06 Jul 2024 6 minute read
The Day The Wild West Came To Town, Summer 1987 (Photo: Tom Maloney)

In a year long series Tom Maloney, from Abersychan, shows how you can love a place so well it becomes a part of you.

Apart from the short time I was living away whilst at Art College I suppose I have lived in Pontypool and Abersychan all my life and have a very strong sense of belonging to the area that I recognise now … it’s in my bones!

I would also include Blaenavon in the mix for good measure.

Growing up I don’t think I ever would have thought that anywhere in the locality would later get World Heritage recognition. I’m not sure if anyone would have thought this back then, but today we have the Blaenavon World Heritage Site on our doorstep.

The Site of Garnddyrys Forge (Photo: Tom Maloney)

Firm favourite

There are so many special places in this landscape. The site where Garnddyrys Forge once stood is a firm favourite for me.

This is a place where the panoramas are vast and beautiful and when you look at the site today it is hard to believe that heavy industry was once placed here.

In my imagination one feature of Garnddyrys takes me back to more ancient times and conjures up an image of an Egyptian Sphinx that is ready to pounce!

In reality, this amazing sculptural form is the slag iron waste from the iron forge piled high and crisscrossed lines that mark the way of the horse drawn tram roads can still be seen clearly on the hillside behind.

But … over the past week it has been the annual celebration of World Heritage Day that has been in my thoughts.

Blaenavon American Week Carnival Day Summer 1987 Tom Maloney Image 2


It is an amazing landscape for sure, but people are also central to the story of the industrial landscape being designated a World Heritage Site by UNESCO in 2000.

As I was looking recently at old black and white images that I took whilst working as a free lance photographer for the Free Press in 1987 it made me think that the roots for celebrating World Heritage Day go back in time.

The images are of Carnival Day, the culmination of American Week in the summer of 1987.

Big Pit had stopped working coal and had begun a new life as a mining museum, but I think that life must still have been difficult locally.

To me the photos show the resilience and spirit of the people.

It was a gorgeous, hot, sunny day, ‘The Wild West’ came to town, floats bedecked with bunting made their way steadily up Broad Street and the whole community cheered and joined in the festivities. I took the photograph from the aerial platform of a fire engine. I am not sure that would happen today!

Blaenavon World Heritage Day, 2013 Photo: Tom Maloney

Fast forward to Blaenavon World Heritage Day of June 2013.

Another beautiful day and while the floats were no longer a part of the parade the people were out in numbers to enjoy their special day. Broad Street could not have been more packed!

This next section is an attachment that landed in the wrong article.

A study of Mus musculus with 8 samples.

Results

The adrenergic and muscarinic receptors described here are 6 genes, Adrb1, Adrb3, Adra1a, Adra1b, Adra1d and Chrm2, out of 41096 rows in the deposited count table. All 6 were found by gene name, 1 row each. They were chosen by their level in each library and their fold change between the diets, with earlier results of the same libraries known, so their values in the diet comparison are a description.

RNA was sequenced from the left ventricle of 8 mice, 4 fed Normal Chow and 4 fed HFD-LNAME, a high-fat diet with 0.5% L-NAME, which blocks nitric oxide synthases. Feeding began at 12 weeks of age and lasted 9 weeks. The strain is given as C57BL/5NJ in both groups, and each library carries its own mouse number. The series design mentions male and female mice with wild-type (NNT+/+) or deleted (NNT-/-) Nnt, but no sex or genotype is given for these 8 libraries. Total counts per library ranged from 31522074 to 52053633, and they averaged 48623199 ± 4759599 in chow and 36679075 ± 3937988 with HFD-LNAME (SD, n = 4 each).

There was no doubt in my mind, as I took this photo with my camera held up as high as I could possibly reach, that World Heritage status meant something to the community.

The Parade Gathers June 29, 2024 Photo: Tom Maloney

And … nothing has changed! I went along to the World Heritage Day just a week ago.

There was colour, joy and just such a sense of collective enthusiasm to be part of the celebration.

Sharon Ford Learning Manager at Big Pit National Coal Museum. (Photo: Tom Maloney)

I caught up with Sharon Ford, the Learning Manager at Big Pit National Coal Museum and Chair of the Board of Blaenavon Workmen’s Hall.

“Thinking about World Heritage Day this year I was so proud to see it being delivered as it was by the community. This year, more than any year the community really picked it up and took hold of it and made sure it was the celebration it should be.

“It is such a big important part of the community now. We are all really proud of who we are and of where we come from, our World Heritage, Big Pit, The Ironworks and the Workman’s Hall and everything!”

‘A Banner of Belonging’ held high on World Heritage Day by Antonella Chiappa and Ben Price, Learning Officers at Big Pit National Coal Museum Photo: Tom Maloney

Sharon also runs ‘Grŵp Glo’ an inter-generational group from Big Pit and working with Cadw, Blaenavon Ironworks, Blaenworkmen’s Hall and the Community Museum this year the group created banners of belonging in the tradition of Mining Lodge Banners for World Heritage Day.

“The group itself brings people of all ages together, real friendships have formed between different generations and when you see that it is magical, absolutely magical. The banners are a celebration of what it is that makes you feel a sense of belonging.”

And what about carrying the banners?

For Antonella Chiappa and Ben Price, who are learning officers for Amgueddfa Cymru at Big Pit it was a special moment.

“So what happens in that parade is a point of continuity between people now in Blaenavon and people in the past over the last two hundred and fifty years.”

The sense of belonging once again resonates in my mind as I think of the landscape at Garnddyrys. There is so much history in this hillside and in the end it is people that make the history.

View at Garnddyrys
(Photo: Tom Maloney)

I am already looking forward to next year’s World Heritage Day, which will mark the twenty-fifth anniversary of World Heritage status.

It is such recognition of a wonderful landscape and its people.

Read the earlier installments of Y Filltir Sgwâr/The Square Mile by Tom Maloney

Mike Smith
7 days ago

Another excellent article Tom, keep up the good work.

Tom maloney
Tom maloney
6 days ago
Reply to  Mike Smith

Many thanks Mike, very much appreciated, Blaenavon World Heritage Day was a lovely event, its good to have an opportunity to share it a little more.